21 Apr Elliotte
Blackwell inspires confidence that he can help people find solutions. He has had to do the same for himself.
Growing up in Statesville. Blackwell said he suffered from depression even as a child. When he told his dad about it as a teenager his dad said “Just deal with it”.
Like many people, getting help for depression was not on his dad’s radar. It was not something most people he knew did, so he had no other solutions for his son.
Blackwell persisted, though, and got help in his twenties and thirties for his depression.
Blackwell went through a breakdown in his thirties, though, and checked himself into a facility at the time. When he got out, he stayed close to his parents.
Grief was a huge trigger for him. When his mom died, he lost the will to engage in life. He self-medicated and did not get help for his depression. His father’s death also led him to spiral. He ended up in Charlotte’s homeless system.
A humble and quiet man, Blackwell was often overlooked in the larger city shelters, where attention often went to those making more noise.
Blackwell said the attitude was “If you’re not bothering us, we’re not bothering with you,”
It wasn’t intentional – there were many with needs.
“I just got lost in the system.”
After about a year, he decided to return to Statesville, where he was noticed and helped by the people at Fifth Street Ministries. He said that gave him a stable foothold.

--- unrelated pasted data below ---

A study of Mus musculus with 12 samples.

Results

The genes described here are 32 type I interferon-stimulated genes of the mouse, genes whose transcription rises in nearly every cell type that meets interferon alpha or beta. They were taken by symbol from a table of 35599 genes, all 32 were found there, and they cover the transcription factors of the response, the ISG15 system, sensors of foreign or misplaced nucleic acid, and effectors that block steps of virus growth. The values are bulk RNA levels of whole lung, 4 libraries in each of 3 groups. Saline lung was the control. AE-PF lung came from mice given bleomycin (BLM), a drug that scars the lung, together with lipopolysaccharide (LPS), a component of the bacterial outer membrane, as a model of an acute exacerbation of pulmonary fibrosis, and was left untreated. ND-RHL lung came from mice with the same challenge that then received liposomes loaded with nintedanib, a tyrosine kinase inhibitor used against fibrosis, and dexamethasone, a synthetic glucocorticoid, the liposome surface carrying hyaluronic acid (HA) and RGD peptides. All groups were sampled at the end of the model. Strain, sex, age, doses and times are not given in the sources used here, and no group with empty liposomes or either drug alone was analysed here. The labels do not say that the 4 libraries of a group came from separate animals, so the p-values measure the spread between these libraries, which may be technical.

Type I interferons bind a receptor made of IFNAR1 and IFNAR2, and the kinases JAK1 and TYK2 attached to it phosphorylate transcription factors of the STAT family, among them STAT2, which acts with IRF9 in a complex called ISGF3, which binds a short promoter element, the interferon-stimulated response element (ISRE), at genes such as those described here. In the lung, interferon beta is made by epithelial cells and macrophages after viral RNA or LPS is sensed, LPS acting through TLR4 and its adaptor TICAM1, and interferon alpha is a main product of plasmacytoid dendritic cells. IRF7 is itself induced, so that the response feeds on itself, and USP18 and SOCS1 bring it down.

He received help from Daymark Recovery Services for his mental health issues. Once he got stabilized and on a prescription medication for his depression, he got involved with different self-help programs like Alcoholics Anonymous, Narcotics Anonymous, and Celebrate Recovery.
After a year and a half, he was able to go off the medication for depression. He said the help he received allowed him to come to terms with the fact his parents were gone and move past the things that were bringing him down. He learned different ways to cope.
Blackwell credits Patti West, the former executive director of Fifth Street Ministries, and her encouragement, patience, and passion, for especially helping him through his transformation. It was because of his experience at the shelter that made him want to reinvent himself and be part of the ministry.
Blackwell got certified as a Peer Support Specialist and currently works with two programs at Fifth Street, the PATH House and the Veteran’s Home, to provide motivation and support to others who have some of the same problems he did.
“I understand what they’re going through and I will try to encourage them to go to shelter services or others agencies to find a stable environment to get their lives together.”
Working in the ministry is one of the tools that he uses to create balance in his life. He also says he has become more self-aware.
“I just had to return to the basics – to the simple things,” Blackwell says.
Now he helps others recognize those basics and get the help they need to change their lives. He turned his depression into a new kind of vision, and this community is better as a result.